New Hampshire Union Leader

February 01. 2014 1:09AM
Kristen Faverty, from Manchester, takes a call on the treadmill at The Zoo Health Club, located on South Willow Street, in Manchester. (Thomas Roy/Union Leader)

MANCHESTER -- Jean Marshall pays 10 bucks a month to work out three times a week at Planet Fitness, loving the place except for her time on the glute press.

"It's so inexpensive," the retired Hesser College teacher said Friday at the former Coca-Cola bottling plant turned Planet Fitness on Eddy Road. "Normal regular people go here."

The Manchester woman fits right into the marketing plan for Planet Fitness: normal bodies rather than body builders.

January marks the biggest month for fitness centers to battle for new signups who are riding a guilt trip about gorging over the holidays - and who are lured in by cheap monthly fees.

"A lot of gyms are competing with prices and trying to offer a few more things," said Mike Carpentier, front desk and sales coordinator for Work Out World in Nashua.

People looking to shed a few pounds or shape up their abs should do their homework.

Insurance deals

Some health insurers offer financial incentives to work out at a fitness place.

Many fitness centers offer more than one monthly plan and also charge a joining fee and sometimes an annual fee.

At the Zoo Health Club in Manchester, a franchise that opened on South Willow Street last November, members pay $30 a month, but corporate discounts can cut that price in half. There also is a $39 enrollment fee.

"Everything is included with our membership," said Zoo co-owner Julian Percorino.

That includes day care and exercise classes.

Work Out World, which counts Nashua as its only Granite State location, has two plans: $2 down and $10 a month and a platinum one for $1 down and $20 a month.

"The difference between the gold and the platinum is the added benefits," Carpentier said.

The higher plan includes unlimited tanning, classes and babysitting as well as the option of using other WOW gyms.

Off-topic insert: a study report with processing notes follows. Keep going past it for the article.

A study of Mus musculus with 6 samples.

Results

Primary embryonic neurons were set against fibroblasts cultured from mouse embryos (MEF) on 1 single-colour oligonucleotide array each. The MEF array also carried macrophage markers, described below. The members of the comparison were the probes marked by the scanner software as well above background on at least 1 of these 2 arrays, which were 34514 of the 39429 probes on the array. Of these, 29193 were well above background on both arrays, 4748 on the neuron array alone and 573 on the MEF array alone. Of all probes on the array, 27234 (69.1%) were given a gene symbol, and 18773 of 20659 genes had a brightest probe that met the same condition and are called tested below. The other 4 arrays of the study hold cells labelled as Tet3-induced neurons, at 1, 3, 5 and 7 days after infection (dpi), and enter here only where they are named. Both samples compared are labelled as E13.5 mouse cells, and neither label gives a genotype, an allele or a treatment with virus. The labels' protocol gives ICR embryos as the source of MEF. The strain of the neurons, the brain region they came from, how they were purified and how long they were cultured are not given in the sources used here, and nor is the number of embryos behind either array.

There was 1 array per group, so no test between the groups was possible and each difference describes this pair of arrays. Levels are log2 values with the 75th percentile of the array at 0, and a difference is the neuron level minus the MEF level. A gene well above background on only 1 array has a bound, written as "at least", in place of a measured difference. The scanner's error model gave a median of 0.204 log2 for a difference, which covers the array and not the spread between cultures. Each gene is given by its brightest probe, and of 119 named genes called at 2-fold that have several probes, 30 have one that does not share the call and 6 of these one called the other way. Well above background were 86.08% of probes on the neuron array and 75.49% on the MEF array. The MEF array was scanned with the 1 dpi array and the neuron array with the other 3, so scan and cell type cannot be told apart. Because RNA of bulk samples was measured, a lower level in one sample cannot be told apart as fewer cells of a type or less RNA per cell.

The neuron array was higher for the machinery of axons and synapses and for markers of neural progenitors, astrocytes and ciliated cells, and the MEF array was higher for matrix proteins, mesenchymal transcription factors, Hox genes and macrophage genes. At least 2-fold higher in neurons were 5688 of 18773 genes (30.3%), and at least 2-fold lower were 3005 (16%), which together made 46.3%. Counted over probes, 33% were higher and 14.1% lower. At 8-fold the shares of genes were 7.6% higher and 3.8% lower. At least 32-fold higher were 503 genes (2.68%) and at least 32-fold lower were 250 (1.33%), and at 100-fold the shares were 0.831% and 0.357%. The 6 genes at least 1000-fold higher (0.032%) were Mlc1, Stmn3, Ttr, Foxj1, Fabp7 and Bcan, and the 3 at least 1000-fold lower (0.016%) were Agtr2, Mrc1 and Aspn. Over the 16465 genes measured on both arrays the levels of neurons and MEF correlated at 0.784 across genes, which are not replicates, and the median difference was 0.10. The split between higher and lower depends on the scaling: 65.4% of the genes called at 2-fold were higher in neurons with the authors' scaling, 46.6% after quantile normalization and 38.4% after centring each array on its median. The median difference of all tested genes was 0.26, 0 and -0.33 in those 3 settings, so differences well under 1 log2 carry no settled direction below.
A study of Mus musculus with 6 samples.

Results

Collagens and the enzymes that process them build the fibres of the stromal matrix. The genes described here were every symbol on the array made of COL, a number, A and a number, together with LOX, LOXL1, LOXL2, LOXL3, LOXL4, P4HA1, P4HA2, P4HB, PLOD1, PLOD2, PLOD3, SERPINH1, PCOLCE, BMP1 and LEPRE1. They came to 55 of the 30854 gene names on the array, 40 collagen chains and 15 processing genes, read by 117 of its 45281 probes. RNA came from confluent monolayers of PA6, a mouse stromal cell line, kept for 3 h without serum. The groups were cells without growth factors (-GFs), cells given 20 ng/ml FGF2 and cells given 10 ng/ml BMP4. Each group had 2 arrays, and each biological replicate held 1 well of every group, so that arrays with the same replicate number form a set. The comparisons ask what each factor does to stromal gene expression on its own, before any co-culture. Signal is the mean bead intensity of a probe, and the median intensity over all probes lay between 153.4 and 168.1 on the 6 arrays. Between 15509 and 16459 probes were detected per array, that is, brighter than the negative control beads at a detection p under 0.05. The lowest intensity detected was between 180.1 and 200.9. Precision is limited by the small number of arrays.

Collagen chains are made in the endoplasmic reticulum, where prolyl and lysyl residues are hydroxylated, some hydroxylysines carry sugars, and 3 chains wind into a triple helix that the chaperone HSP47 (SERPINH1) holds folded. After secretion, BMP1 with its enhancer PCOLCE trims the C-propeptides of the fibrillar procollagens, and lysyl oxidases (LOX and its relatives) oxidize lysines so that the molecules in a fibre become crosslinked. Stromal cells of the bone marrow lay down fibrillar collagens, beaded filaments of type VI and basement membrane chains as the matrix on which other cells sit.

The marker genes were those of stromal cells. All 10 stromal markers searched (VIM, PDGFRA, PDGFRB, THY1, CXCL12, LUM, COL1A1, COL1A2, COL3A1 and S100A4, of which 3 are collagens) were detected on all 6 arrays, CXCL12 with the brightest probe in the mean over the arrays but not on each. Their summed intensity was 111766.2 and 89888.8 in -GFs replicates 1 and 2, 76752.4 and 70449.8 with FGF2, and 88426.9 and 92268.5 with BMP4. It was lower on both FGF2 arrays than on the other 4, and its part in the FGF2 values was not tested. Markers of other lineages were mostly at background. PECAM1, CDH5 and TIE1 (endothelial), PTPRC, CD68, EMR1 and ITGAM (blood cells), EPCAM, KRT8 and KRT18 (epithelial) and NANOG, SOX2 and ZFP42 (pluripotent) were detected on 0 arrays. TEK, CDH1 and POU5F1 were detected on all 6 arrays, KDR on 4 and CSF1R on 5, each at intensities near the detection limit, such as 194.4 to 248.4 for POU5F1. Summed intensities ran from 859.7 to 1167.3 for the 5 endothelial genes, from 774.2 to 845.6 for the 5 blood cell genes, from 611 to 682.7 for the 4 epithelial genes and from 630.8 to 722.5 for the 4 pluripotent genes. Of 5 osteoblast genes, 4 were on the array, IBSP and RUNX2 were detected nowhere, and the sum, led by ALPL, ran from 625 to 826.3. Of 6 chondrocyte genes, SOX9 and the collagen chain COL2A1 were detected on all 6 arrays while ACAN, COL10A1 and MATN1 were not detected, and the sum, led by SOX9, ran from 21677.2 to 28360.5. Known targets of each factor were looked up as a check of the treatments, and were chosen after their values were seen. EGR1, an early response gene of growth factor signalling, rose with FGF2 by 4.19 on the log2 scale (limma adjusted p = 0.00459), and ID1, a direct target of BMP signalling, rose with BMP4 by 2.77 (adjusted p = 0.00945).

No hidden fees

Carpentier said several years ago the chain eliminated its cancellation fee. Now, he said, "There's no commitment, so you can cancel whenever you feel."

Formed in Dover in 1992 and now headquartered in Newington, Planet Fitness has grown to 749 locations in 47 states with all but 45 owned by franchisees. New Hampshire alone hosts 16.

The chain offers two fee plans: either $10 or $19.99 a month plus an enrollment fee of $1 to $39, depending on the time of the year.

Members also pay an annual fee of between $10 and $39 depending on their membership type. The higher "black card membership" carries a year-long commitment but allows for a guest, entry to any club in the chain as well as various add-ons, including unlimited tanning.Planet Fitness members are "people who want to belong to a fitness club, work out and not pay too much because maybe they come once or twice a week," said McCall Gosselin, director of public affairs for Planet Fitness.

Playing the numbers

Paul Bosley, managing member of Florida-based who also finances health clubs through another business entity, said Planet Fitness sign up as many people as possible, banking on a lot of them not showing up often or at all.

"If everybody showed up, you couldn't park your car," said Bosley, whose website is based in Fort Lauderdale, Fla., and is a former partner in the Bally's Total Fitness chain.

He said people also shop around.

"I can tell you from owning clubs, members are not loyal," Bosley said. "They're going to go to a new place."

Gosselin said counting on no-shows is not part of its business plan.

A typical location has between 6,000 and 8,000 members, and a majority are open 24 hours a day.

Bosley said more centers offering rock-bottom monthly fees means "the middle market is getting murdered."

At the Planet Fitness on Manchester's West Side, Shannon Brunelle, a junior at Southern New Hampshire University, spends $19.99 a month working out there five days a week. She started with a membership in her hometown of Oxford, Mass.

"It can be crowded, but there's always something for me to do because it's a big gym," Brunelle said.